Rabobank lifted arabica coffee, cocoa and sugar price forecasts, but to levels below the futures curve, casting doubts on the sustainability of rallies in soybean and wheat futures too.
The bank, which two weeks ago signalled that mixed results of a Brazil crop tour might prompt it to lift its forecast for coffee futures, on Thursday raised forecasts across the curve for both arabica and robusta prices.
"We remain particularly bullish in robustas," Rabobank said, adding that that it is "hard to overstate the drought seen in Espirito Santo", the top Brazilian state for producing the variety.
However, its upgraded price forecasts for London-traded robustas by up to $40 a tonne to, for example, an average of $1,600 a tonne for the last three months of the year, were only modestly higher than futures were trading at, with the November contract priced on Thursday at $1,590 a tonne.
"Large certified stocks of robustas will dampen any rally," the bank said, citing pressure on prices from inventories held for delivery against London derivatives.
And for arabica futures - for which Rabobank lifted its price estimates by up to 11 cents a pound, to 133 cents a pound for the October-to-December quarter the forecasts were a little below the futures curve, with December futures trading at 138.25 cents a pound.
The bank flagged the potential for an upgrade to its estimate for the Brazilian arabica harvest, although noted the need for "more rain" in Colombia, where dryness has sapped output growth.
In New York-traded raw sugar, Rabobank lifted its forecast for prices in the April-to-June and July-to-September quarters by 0.5 cents a pound, to 15.5 cents a pound and 15.0 cents a pound respectively levels comfortably below the futures curve.
"Fundamentals are increasingly supportive," the bank said, citing dents from El Nino-related weather upsets to output in a number of countries, and raising by 1.9m tonnes to 6.8m tonnes its forecast for the world sugar production deficit in 2015-16.
However, the bank flagged too the prospect of a 10% rise, to 34m tonnes, in sugar output from Brazil's key Centre South region in the forthcoming crushing season, which starts next month, adding that futures will "be pressured as exports flow".
European Union sugar beet sowings are expected to rise by 1.5m acres, fostering growth of 10-18% in production, to 17m-18m tonnes.
And while the forecast for cocoa futures was lifted too, reflecting "low mid-crops in West Africa after a very severe" episode of the Harmattan wind, the estimate for prices ending the year at about $2,850 a tonne was some $100 a tonne below New York's December contract.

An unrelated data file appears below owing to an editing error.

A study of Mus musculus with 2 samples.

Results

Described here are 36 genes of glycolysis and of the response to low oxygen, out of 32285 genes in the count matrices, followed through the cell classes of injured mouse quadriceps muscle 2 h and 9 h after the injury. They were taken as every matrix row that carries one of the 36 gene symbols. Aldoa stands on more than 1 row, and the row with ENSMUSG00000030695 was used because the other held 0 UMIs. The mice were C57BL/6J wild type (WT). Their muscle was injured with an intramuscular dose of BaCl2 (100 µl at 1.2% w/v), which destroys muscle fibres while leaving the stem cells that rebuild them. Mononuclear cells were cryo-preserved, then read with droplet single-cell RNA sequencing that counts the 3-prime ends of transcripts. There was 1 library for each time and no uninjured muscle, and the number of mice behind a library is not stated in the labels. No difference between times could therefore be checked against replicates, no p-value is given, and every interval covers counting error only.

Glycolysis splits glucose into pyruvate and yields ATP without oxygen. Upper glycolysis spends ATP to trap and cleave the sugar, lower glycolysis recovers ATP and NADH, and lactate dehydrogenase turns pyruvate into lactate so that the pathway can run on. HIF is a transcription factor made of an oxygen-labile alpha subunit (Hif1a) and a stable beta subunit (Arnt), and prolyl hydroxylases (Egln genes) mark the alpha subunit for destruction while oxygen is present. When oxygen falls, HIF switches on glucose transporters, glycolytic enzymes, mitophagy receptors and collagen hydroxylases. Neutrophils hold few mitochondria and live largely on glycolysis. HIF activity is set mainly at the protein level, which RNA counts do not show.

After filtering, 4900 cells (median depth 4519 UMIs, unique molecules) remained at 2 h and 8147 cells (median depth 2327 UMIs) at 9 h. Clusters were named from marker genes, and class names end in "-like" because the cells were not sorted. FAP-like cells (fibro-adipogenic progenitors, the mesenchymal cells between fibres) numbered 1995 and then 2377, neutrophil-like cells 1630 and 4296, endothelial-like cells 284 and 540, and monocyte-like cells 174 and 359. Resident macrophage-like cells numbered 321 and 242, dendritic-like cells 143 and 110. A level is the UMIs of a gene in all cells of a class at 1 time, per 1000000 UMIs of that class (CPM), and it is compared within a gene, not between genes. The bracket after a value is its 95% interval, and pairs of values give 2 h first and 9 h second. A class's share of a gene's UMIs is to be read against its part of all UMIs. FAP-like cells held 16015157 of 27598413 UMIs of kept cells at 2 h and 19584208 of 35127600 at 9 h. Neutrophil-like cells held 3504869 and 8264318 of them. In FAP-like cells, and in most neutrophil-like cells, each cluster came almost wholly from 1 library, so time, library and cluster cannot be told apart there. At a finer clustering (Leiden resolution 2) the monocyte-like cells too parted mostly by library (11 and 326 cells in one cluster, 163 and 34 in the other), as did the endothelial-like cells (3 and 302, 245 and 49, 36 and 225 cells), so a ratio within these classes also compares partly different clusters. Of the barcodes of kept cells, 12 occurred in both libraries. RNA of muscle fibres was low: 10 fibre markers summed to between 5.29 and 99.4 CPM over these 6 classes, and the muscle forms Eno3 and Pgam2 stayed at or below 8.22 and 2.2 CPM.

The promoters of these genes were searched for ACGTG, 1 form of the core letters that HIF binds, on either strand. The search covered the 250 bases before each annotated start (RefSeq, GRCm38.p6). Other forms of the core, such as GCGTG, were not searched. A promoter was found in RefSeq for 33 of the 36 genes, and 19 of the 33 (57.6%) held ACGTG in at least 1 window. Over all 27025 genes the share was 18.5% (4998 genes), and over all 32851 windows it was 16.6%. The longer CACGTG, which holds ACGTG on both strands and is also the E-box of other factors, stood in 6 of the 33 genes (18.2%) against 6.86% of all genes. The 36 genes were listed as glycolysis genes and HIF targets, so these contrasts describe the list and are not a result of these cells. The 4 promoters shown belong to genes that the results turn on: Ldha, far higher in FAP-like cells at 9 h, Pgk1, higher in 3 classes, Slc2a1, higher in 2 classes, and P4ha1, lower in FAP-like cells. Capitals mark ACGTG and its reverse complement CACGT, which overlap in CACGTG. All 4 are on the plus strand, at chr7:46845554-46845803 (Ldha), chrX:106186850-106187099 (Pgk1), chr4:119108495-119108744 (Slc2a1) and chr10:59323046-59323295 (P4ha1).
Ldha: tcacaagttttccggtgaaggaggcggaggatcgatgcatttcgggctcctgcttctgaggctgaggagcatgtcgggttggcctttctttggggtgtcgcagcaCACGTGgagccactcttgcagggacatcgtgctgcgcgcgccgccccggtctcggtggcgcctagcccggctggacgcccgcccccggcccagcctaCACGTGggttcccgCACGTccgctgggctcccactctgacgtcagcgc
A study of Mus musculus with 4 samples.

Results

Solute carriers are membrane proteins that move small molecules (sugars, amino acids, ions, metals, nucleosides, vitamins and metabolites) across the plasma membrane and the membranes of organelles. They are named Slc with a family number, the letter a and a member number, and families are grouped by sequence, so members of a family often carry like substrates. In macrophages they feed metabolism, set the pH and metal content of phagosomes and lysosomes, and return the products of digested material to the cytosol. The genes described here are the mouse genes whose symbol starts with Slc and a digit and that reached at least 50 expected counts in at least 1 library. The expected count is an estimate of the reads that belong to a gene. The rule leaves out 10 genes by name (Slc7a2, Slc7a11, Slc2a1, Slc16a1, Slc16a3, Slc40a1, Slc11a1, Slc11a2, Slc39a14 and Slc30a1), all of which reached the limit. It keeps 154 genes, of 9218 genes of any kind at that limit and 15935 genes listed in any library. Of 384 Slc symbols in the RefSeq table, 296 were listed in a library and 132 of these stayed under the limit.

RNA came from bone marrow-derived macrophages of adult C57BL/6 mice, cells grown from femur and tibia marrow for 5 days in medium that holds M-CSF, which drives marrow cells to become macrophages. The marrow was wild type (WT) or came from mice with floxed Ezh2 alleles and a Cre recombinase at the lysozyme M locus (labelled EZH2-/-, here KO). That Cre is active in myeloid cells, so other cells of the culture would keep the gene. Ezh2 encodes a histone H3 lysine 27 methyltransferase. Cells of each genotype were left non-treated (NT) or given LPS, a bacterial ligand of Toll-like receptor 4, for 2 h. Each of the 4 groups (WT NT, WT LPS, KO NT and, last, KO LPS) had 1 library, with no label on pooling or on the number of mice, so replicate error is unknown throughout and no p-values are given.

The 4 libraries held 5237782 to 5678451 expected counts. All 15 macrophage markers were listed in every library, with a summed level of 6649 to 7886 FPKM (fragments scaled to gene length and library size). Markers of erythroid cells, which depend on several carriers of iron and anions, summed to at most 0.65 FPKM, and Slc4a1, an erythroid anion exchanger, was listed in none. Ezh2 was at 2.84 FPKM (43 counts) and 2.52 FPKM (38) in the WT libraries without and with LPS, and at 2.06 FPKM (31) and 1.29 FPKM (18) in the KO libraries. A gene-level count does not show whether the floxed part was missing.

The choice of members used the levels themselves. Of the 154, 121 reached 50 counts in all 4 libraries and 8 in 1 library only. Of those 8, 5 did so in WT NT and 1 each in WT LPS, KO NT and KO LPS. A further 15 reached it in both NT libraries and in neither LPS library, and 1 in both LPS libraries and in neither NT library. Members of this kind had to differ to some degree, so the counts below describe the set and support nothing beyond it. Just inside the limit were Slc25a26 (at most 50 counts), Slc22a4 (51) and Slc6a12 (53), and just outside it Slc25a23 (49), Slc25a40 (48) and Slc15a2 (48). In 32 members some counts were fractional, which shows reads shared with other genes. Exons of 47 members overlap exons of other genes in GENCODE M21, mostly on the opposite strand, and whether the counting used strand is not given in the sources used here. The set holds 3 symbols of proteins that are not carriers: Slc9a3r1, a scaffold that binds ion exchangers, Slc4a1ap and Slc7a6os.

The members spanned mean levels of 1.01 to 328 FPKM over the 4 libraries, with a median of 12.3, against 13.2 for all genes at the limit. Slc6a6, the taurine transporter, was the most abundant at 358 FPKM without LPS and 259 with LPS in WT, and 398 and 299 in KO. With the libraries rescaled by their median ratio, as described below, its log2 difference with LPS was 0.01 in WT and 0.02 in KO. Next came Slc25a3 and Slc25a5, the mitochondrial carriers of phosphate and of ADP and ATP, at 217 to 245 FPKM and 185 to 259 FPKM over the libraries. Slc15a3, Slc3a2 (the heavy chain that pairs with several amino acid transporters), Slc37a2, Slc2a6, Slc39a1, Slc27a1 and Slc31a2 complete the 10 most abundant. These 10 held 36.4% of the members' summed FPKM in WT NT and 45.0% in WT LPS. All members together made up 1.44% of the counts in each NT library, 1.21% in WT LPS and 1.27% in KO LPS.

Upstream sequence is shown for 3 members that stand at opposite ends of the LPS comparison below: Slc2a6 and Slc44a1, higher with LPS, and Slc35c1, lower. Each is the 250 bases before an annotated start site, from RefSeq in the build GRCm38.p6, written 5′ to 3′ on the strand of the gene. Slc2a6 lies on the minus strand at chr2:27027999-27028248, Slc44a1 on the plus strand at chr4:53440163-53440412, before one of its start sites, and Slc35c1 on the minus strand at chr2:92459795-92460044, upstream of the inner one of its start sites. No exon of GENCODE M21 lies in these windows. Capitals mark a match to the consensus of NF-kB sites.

"We remain bearish going forward," the bank said, flagging "good global supply", at a time when some demand signs are poor, with sales of Easter bunnies in Germany, for instance, down 6% year on year, according to BDSI.
'Aggressive export competition'
For soybeans and wheat, Rabobank stuck, largely, by previous price expectations, leaving its forecasts for the oilseed especially - below market levels raised by recent rallies.
For wheat - for which the bank forecast Chicago prices at about $4.75 a bushel in a year's time, compared with the $5.10 ¾ a bushel being priced in by March 2017 futures - said that US weather setbacks were "not yet threatening to yields".
Meanwhile, "heavy inventories, ongoing aggressive export competition, plus a projection for continued building of US 2016-17 stocks should cap rallies".
The bank was closer to the futures curve on estimates for Paris wheat futures, which it said appeared "very good value" compared with Chicago values.
And, in Chicago soybeans, Rabobank forecast prices moving lower again" after the key US Department of Agriculture report on US sowings due next week, which it forecast showing a rise of 1m acres year on year in plantings of the oilseed.
Extra pressure on prices will come from the "two South American soybean powerhouses", Argentina and Brazil, which are "anticipated to compete heavily for international trade market share", helped by weak currencies, improved infrastructure and the low costs of global shipping.
'Risk of short-covering rally'
Cotton was one agricultural commodity that the bank did see holding "bullish" potential, with New York-traded futures "oversold", and global stocks of the fibre in exporting countries at a six-year low.
"This market structure presents a supportive price outlook," Rabobank said, adding that the "risks of a short-covering rally are building", given the large net short position held by speculators in New York cotton futures and options.
Prices were forecast standing at 70 cents a pound in a year's time, well above the 58.45 cents a pound being priced in by March 2017 futures.